Shimifrez Inc. to Offer Shadow Masks and Micromachining Services for OLED, Solar Fabrication

Shimifrez Inc. of Concord, Ontario, Canada, a fabricator of precision photochemically etched and electroformed metal components, reports that the company will now offer shadow masks and micromachining services for OLED, Solar fabrication firms as well as research institutions worldwide.

“Metal masks are often used in evaporation or sputtering processes of structured metal or oxide layers. With the increasing requirements on precision and structure resolution, electroformed masks become more prevalent. Electroformed masks are characterized by vertical, burr-free edges and super sharp corners,” said Hassan Nojoumi, president and CEO of Shimifrez.

The company makes the shadow masks of nickel. Nickel has the additional advantage of magnetic attraction to the substrate surface, enabling the deposition of very sharp edges. For companies using vapor deposition to make OLEDs and other organic circuitry, Shimifrez says its custom shadow masks typically come in stainless steel but also come in nickel and other alloys.

Shimifrez Uses Printing Stencils for Conductor Tracks

The company points out that screen printing stencils are used to print the conductor tracks in the production of printed circuit boards, semiconductors, and thin-film solar cells. Shimifrez further asserts that with the continuous demand for increasing pattern resolution and precision, electroformed stencils are garnering more interest.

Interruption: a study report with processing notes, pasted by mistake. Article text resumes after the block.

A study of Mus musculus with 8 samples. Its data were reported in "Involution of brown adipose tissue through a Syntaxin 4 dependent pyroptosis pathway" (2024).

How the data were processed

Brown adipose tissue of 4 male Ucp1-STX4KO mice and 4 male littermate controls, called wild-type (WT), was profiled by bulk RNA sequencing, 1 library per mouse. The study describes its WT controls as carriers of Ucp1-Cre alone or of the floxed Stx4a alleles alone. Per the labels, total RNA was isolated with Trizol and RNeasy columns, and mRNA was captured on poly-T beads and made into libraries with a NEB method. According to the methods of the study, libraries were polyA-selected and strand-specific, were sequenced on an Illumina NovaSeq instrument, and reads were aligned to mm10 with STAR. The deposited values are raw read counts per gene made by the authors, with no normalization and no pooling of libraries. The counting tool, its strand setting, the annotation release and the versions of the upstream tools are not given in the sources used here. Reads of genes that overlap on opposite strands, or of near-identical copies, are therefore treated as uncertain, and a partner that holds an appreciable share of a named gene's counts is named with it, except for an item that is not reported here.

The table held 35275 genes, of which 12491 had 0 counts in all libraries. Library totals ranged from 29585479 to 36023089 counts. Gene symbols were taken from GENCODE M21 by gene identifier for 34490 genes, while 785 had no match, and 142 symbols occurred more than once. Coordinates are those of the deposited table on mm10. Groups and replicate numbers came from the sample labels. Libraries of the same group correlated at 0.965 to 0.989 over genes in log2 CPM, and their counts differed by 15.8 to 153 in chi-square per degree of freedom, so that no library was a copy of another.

“Although we recommend kovar for most applications because it holds up well to temperatures and most chemicals, we have experience fabricating shadow masks from other metals as well. Our capabilities allow for thicknesses of 0.0002″ and up, with the smallest opening being 10 to 15 microns, the smallest space between openings being 15 microns and critical feature tolerance of +/- 1-2 microns,” added Nojoumi.

Shimifrez offers a rapid-response service to quickly deliver micro-components to industries such as the aerospace/satellite, telecommunications, microelectronics, automotive, and defense sectors. The company says that customers are now demanding relatively thin between 0.0005″ (0.01mm) to 0.032″ (0.8mm) complex and intricate metal components where modification to photo tooling can be done quickly and economically. Shimifrez contends that photo etching can produce a burr-free component because it does not affect the metal deformation caused by thermal or internal stresses or its magnetic properties.